A bride and groom have been showered in confetti as they left the register office after getting married as the Government relax coronavirus restrictions.
Bride Sarneet Singh, a geriatric trainee at St Mary's, and groom Neil Bhadresha, a doctor at St Thomas, were surrounded by guests as they left Kensington and Chelsea register office today.
The couple beamed and were flooded with confetti by their wedding guests as they left Chelsea's old town hall.
Wedding receptions for up to 30 guests will now be permitted in a further easing of England's lockdown, after plans to allow celebrations were put on hold.
Bride Sarneet Singh and groom Neil Bhadresha beamed as guests threw confetti when they left Kensington and Chelsea register office today
Guests celebrate the wedding as receptions for up to 30 guests are now allowed in England
Boris Johnson announced that, from Saturday, newlyweds will be able to mark the occasion with friends and family at a small reception following the ceremony.
But this must only be in a location that adheres to Covid-19 guidelines, and should not take place in people's homes or gardens, according to Government guidance.
Plans to allow receptions to go ahead from August 1 were postponed by the Prime Minister with just 24 hours notice due to a rise in the prevalence of coronavirus in the community.
Wedding guests gather around a car as the bride and groom drive away from the register office
A photographer takes pictures of the wedding party standing outside the register office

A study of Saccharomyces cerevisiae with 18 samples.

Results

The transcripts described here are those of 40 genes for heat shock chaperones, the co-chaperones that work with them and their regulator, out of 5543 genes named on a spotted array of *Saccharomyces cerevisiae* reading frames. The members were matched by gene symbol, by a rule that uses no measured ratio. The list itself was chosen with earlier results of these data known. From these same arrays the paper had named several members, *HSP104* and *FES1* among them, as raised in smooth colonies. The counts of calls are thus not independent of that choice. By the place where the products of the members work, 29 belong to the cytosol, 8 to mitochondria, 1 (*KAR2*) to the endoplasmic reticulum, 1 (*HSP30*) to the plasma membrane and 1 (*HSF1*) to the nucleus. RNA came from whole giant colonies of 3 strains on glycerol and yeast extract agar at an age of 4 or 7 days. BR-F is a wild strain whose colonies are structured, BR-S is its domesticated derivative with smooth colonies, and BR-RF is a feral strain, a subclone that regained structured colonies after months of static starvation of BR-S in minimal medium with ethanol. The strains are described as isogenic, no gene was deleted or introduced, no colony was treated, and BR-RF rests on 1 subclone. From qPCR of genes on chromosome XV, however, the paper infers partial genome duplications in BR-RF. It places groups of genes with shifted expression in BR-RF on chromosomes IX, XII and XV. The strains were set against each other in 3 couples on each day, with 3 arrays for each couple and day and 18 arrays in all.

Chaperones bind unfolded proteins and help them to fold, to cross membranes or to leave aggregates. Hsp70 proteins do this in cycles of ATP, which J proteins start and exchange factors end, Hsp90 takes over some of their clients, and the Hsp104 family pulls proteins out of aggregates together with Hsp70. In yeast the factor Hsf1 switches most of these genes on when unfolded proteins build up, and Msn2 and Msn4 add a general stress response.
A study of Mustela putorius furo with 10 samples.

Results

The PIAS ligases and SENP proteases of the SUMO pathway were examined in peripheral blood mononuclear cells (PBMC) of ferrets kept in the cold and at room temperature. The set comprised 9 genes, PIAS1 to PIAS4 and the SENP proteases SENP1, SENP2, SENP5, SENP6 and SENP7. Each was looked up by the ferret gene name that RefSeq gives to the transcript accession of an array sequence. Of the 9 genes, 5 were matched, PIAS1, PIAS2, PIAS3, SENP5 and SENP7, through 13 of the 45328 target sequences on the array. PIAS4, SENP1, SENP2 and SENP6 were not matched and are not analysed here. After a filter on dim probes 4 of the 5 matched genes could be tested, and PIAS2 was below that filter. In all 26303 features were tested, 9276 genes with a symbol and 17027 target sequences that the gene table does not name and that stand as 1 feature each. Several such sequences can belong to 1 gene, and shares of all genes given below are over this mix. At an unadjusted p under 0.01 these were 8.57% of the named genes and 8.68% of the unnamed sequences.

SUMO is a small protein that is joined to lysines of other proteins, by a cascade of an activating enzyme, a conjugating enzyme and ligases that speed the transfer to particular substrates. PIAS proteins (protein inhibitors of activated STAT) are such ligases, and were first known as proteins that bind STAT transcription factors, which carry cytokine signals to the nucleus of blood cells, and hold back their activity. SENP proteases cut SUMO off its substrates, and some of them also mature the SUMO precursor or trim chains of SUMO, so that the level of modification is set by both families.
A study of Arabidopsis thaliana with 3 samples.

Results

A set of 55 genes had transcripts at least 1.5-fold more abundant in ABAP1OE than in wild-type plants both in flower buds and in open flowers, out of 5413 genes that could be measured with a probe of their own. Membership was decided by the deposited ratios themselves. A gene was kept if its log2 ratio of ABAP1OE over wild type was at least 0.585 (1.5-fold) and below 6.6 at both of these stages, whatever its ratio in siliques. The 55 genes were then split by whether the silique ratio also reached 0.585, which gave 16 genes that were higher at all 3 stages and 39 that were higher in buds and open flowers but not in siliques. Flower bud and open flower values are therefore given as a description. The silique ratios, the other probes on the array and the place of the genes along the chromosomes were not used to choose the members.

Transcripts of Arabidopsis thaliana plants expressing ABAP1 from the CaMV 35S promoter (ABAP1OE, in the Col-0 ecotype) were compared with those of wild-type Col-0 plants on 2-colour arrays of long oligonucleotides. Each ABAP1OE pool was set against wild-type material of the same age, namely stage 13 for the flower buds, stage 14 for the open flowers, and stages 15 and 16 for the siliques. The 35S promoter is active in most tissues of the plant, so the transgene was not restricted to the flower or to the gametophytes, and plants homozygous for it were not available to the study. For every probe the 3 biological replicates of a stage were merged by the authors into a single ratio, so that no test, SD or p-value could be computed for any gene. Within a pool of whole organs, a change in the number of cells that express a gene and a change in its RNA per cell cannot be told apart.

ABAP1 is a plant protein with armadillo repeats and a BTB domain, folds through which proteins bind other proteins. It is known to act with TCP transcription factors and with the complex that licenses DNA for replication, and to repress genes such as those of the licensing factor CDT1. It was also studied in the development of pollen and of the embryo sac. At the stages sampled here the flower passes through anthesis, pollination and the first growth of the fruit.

Making the announcement, Mr Johnson acknowledged that it would be 'a real blow' to those who had made plans.
Updated guidance says that, where possible, attendees at a wedding reception should remain seated, while dancing should not be allowed due to a risk of transmission.
Seating arrangements should follow social distancing guidance, meaning at most two households are seated together, with outdoor table service preferred.
People stand outside and watch a live stream of Sarneet Singh and Neil Bhadresha's wedding
Activities such as cake cutting should limit the number of guests involved where possible, the guidance states, while recommending that throwing of confetti or a bouquet is avoided.
It says that speeches should be given outside or in well-ventilated areas and advises that neither the speaker or any observers raise their voices, to avoid a risk of aerosol transmission of the virus.
Previously, wedding receptions or parties were not allowed to take place, with any celebration following the ceremony instructed to follow the social distancing rules of six people outside or two households inside.
Weddings and civil partnerships with up to 30 guests have been permitted in England since July 4, where this can be safely accommodation while adhering to social distancing.
One woman wipes her eye as another grins while they watch the live stream of the wedding
Guests who could not attend the ceremony watched on a live stream outside
This is the maximum number for all attendees at the event, including the couple, guests and any third-party suppliers, such as photographers.
Casinos, bowling alleys, theatres and gig venues were also reopened, along with allowing up to 30 guests at wedding receptions, today.
Audiences are allowed back into theatres and indoor venues, providing audiences keep to social distancing guidelines.
Tattoo studios, beauty salons, spas and hairdressers can also now offer additional services, including front-of-face treatments such as eyebrow threading.